5-part breakdown of the Offer to Purchase
The moment you’ve been waiting for is finally here! Someone wants to make an offer on your home! The Offer to Purchase is a contract that binds you to the buyer and is required by the notary to prepare the bill of sale.
Until this bill of sale is signed, our team of notaries is available to answer all your questions about the process. However, here is a 5-part breakdown of the Offer to Purchase to help you better understand it.
1. Price and terms
The buyer must indicate what price is being offered for the property and what the terms of payment are (Item 3 in the Offer to Purchase). This includes the amount of the down payment and of the mortgage. The buyer and seller can also agree on a deposit (included in the down payment), but this isn’t mandatory.
2. Commitments of the buyer and seller
The two parties must declare that they have read and are aware of their obligations (Items 4 and 5).
The buyer undertakes to pay certain fees and honoraria, like those involved in the bill of sale. The buyer also certifies having visited the property and being satisfied with it.
The seller’s commitments include delivering the property in the same state as when the buyer last visited it, and providing the title to the property and a valid surveyor’s certificate.
Then, the parties must agree on the conditions of the Offer to Purchase (Item 6). Here are the most common:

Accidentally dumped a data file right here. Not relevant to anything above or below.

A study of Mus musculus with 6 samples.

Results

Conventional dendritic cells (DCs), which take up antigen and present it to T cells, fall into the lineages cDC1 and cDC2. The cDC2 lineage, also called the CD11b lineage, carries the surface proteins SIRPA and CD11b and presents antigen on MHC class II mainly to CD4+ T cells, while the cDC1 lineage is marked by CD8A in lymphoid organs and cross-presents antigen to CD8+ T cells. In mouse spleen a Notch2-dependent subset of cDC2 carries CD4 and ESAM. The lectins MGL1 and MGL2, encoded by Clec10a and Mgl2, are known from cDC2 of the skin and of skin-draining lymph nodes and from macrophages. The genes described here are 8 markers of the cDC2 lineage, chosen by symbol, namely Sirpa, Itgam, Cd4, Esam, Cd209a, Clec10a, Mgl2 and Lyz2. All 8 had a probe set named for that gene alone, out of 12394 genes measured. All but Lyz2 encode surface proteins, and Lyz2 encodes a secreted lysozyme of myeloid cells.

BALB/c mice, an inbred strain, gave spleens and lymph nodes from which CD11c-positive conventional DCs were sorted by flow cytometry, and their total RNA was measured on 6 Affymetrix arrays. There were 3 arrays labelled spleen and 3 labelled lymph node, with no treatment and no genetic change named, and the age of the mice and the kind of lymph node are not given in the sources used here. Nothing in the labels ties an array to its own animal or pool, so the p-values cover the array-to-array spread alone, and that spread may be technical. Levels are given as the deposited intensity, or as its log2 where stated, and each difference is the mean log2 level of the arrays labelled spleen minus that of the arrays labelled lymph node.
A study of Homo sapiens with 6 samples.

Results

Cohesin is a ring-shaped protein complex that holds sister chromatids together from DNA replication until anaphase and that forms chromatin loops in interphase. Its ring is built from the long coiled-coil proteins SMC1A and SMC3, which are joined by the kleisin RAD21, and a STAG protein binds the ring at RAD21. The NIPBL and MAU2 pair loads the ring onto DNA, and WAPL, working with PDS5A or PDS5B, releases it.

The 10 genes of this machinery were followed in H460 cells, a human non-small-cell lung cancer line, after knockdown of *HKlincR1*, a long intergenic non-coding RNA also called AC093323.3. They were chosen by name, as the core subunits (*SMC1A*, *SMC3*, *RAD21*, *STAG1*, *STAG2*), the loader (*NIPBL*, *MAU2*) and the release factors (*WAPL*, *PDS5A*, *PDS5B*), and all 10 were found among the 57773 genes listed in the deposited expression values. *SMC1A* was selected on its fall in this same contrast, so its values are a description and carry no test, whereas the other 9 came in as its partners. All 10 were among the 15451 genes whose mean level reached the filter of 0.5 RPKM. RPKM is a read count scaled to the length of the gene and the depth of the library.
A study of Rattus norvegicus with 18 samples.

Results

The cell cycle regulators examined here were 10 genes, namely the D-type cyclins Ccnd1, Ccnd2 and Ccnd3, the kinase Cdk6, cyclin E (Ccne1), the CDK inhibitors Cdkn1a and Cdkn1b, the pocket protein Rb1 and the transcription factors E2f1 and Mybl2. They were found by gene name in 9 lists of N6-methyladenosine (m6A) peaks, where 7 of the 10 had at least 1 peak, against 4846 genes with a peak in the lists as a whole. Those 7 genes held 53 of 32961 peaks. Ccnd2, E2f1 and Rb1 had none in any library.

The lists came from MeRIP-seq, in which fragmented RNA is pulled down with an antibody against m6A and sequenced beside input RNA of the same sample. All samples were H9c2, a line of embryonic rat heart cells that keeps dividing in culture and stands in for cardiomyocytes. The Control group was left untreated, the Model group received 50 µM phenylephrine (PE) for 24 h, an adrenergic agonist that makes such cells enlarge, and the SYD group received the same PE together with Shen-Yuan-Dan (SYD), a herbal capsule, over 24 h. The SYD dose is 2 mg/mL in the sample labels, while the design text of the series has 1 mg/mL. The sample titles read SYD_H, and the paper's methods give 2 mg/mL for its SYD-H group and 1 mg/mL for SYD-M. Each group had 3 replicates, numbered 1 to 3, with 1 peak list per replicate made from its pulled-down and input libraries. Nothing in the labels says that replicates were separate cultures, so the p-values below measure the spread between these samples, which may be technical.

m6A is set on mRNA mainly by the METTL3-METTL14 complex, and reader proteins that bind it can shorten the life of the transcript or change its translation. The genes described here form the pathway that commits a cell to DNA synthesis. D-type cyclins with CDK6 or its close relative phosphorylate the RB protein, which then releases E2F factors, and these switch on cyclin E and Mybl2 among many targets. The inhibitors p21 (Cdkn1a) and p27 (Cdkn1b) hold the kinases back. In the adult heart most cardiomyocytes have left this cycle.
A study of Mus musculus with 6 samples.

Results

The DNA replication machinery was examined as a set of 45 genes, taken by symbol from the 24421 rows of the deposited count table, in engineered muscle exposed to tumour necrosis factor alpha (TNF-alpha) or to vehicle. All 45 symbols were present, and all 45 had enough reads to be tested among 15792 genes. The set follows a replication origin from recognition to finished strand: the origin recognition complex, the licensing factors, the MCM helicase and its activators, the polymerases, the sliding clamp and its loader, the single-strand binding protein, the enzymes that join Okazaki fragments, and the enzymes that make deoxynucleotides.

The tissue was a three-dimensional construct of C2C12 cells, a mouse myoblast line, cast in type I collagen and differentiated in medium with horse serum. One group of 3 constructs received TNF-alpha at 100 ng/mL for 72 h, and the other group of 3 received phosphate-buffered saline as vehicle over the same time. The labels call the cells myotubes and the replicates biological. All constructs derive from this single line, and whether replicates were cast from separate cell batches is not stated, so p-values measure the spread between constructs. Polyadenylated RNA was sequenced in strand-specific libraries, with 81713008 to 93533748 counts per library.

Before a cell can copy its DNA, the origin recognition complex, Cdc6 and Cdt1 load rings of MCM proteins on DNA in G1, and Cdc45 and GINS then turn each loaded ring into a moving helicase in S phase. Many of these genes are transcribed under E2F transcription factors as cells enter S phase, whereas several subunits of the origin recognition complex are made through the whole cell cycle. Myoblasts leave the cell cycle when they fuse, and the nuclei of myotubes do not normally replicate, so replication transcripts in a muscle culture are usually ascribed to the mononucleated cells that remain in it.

- Proof of financing (mortgage agreement)
- Sale of the buyer’s property
The timelines for meeting these conditions can be changed before or after the Offer to Purchase is signed.
4. Signature and acceptance
The buyer determines the deadline for the seller to respond (Item 9), usually 24 to 72 hours. The buyer signs the Offer to Purchase (Item 10) and gives it to the seller, who must then decide whether to accept it, refuse it or submit a counter offer (Item 11). If the seller doesn’t respond by the deadline noted in the document, this in effect cancels the offer.
Note however that the most effective way of preparing the Offer to Purchase is by negotiating verbally and filling out the document together. This is one of the great advantages of selling without a go-between.
5. Meeting the conditions
The timeframe for fulfilling the conditions starts when the buyer accepts the offer or when the seller accepts the counter offer. “Day 1” designates the day following the date of acceptance. And finally, the property is considered sold once the conditions have been met.
Furthermore, here are several documents available on our website in the Offer to Purchase and other legal documents section. They include the Procedure to Make an Offer to Purchase, the Annotated Offer to Purchase, the Counter Offer, and the Amendments and Notice of Fulfillment of Conditions. These will come in handy when the time comes.